Memo To:Website Fans, Browsers
From: Jude Wanniski
Re: A Referendum on Sin
Whatever we might say about negative political advertising, we have to agree that it is effective when the negative message about a candidate resonates with the voters. If your opponent is going East and you know the voters know, deep down, that they must go West, it helps you define yourself by criticizing your opponent for going East. They then know you have gone to the trouble of figuring out not only that it would be bad for their political subdivision to go East, but also that you have spent a bundle on advertising to make your point. It helps if you also have political advertising that advises voters that you, in fact, are headed in the right direction.
The Republican National Committee has now decided to spend $10 million (perhaps more) on ads that invited the electorate to rouse themselves from their daily chores and go to the polls to express their distaste for President Clinton’s lies about Monica by voting Republican. I’ve been asked my opinion about the ads, and all I could say is that the one ad I’ve seen is fine by me. It contains both elements, East and West, with two soccer moms talking first about Clinton telling lies, then talking about the Republican agenda on taxes and Social Security. Democrats are talking about a backlash, but the backlash would only occur if voters see negative Republican spots and are offended by them. If the GOP ads would mention Monica, they would certainly produce a backlash, because they would be dragging the young girl into the political equation and doing violence to her in order to win votes. It’s a fine line. Ross Perot’s point that we can no longer tell when the President is acting in the national interest or his own is certainly one that the voters can connect with, as I do.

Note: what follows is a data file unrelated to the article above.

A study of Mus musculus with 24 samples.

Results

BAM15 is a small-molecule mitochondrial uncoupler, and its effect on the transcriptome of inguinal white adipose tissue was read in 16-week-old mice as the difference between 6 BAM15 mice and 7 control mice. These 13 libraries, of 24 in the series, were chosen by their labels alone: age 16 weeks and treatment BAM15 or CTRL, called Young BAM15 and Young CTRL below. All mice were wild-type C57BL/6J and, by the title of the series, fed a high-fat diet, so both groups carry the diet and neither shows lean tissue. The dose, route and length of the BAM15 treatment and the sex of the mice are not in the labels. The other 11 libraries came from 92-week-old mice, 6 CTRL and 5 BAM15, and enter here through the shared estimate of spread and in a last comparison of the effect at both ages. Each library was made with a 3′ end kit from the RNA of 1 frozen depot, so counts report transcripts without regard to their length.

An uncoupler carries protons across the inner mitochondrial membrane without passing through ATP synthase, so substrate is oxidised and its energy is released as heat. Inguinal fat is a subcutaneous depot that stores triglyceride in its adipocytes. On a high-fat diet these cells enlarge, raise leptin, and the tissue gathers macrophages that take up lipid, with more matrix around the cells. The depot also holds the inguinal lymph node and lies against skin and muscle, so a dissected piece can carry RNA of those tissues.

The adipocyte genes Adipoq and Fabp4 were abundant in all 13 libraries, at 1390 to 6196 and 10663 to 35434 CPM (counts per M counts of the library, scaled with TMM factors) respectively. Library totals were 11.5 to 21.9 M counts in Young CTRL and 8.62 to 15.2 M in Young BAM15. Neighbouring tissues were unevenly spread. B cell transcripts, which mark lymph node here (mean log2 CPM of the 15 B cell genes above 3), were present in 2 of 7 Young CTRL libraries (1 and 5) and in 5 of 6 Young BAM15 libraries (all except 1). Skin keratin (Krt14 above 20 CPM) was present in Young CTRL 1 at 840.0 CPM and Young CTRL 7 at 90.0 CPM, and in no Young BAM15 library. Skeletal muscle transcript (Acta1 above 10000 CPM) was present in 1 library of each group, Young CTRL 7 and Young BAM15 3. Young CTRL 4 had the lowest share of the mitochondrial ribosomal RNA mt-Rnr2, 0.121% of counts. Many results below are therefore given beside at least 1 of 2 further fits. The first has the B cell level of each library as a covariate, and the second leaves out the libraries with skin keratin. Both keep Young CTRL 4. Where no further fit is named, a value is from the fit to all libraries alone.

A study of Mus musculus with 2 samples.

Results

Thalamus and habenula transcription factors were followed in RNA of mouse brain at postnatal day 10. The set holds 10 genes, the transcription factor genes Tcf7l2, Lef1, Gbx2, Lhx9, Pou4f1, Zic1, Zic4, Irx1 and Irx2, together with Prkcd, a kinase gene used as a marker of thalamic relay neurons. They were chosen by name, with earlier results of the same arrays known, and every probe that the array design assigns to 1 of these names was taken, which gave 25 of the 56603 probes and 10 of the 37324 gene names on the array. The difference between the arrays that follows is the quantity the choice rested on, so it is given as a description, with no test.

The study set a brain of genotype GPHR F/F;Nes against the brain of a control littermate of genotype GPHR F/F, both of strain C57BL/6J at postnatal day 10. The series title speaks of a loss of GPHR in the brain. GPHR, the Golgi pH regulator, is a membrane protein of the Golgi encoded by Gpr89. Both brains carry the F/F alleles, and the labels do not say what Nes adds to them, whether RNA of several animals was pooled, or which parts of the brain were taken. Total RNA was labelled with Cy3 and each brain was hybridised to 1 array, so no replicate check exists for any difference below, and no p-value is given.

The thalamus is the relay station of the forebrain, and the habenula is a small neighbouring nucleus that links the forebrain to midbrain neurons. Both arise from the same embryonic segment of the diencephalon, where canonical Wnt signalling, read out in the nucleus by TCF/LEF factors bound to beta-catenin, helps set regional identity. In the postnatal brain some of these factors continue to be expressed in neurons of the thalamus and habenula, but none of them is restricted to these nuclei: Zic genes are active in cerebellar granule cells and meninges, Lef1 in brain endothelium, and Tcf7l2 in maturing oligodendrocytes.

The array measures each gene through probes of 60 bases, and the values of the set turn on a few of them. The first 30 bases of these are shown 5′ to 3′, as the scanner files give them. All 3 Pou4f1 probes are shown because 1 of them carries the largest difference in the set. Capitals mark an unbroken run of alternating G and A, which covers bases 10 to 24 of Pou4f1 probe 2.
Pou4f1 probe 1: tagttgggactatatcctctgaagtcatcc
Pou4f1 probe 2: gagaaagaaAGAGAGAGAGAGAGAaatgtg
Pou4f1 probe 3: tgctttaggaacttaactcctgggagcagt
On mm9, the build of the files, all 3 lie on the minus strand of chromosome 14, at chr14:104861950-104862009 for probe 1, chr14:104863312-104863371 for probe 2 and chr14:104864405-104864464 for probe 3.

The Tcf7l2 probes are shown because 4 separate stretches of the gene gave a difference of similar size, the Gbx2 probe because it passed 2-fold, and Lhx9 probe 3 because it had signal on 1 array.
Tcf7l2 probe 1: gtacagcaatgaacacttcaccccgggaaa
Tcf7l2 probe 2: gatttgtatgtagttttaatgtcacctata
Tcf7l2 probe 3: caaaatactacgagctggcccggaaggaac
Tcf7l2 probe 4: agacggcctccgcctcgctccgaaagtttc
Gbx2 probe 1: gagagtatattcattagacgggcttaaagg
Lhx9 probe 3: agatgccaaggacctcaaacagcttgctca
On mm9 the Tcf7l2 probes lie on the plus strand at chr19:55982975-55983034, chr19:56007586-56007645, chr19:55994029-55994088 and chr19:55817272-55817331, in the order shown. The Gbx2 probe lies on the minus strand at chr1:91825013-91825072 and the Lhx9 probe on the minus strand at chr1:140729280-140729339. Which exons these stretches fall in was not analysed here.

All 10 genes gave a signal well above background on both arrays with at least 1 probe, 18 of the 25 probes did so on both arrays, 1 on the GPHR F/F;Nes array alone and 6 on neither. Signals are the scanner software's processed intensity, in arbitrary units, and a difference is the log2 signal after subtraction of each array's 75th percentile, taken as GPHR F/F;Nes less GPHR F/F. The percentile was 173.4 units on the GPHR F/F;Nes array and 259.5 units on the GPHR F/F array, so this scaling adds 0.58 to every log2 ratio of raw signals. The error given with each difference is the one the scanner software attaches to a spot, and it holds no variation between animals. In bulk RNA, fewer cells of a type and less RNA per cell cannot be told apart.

Negative spots that accuse a candidate of missing votes on the floor of the House during an election year, which is how New York Senator Alphonse D’Amato has spent several million dollars attacking his Democratic opponent, Rep. Chuck Schumer, are a stupendous waste of money, because they do not tell the voters whether Schumer would have voted East or West if he were there. D’Amato may lose his Senate seat because he has irritated voters with such inconsequential negative ads. In the same way, I point out in my new book The Last Race of the Twentieth Century, that Steve Forbes and Bob Dole both made colossal errors in the millions they spent on negative ads. Steve’s mistake was that he was unknown to the electorate, so that as he attacked Dole, a man known to the GOP electorate, he was defining himself as a negative sort of fellow. In his case, the negatives against Dole did not make an impression because they did not resonate. When Dole counter-attacked, Steve was blown away. In the general election, Dole’s campaign spent millions on tv spots showing President Clinton apologizing for having raised taxes in 1993. The voters accepted the apology the GOP paid for airing.
The NYTimes this morning has a front page piece on “Gleeful Democrats Assail Ads By G.O.P. on Clinton Scandal,” quoting several party people who predict a backlash that will actually help the Democrats. I agree with Times columnist William Safire that Republican leaders threw away their opportunity to develop themes of taxes and growth for these midterm elections by relying on the scandal issue to win seats. Safire, though, also thinks that the “tasteful” attack ads will help coax more GOP votes out of the passive electorate than they will produce more votes from the Democratic faithful. I’ve been defending Clinton to the extent that I do not think he has yet had to face a charge that he should be thrown out of office. On the other hand, I know the voters absolutely must find a way to show their rejection of the idea that the man of the house can have an adulterous affair and get away with it as long as he makes a good living. In this regard, culture is more important than economics. If the Republicans pick up more than the handful of seats they are now expected to get, the gains will be seen as resulting from voter displeasure with Clinton’s behavior, but not as an outcry for his removal from office. The punishment must leave a lasting impression on the national culture and its own intolerance for casual marital vows as well as casual political vows.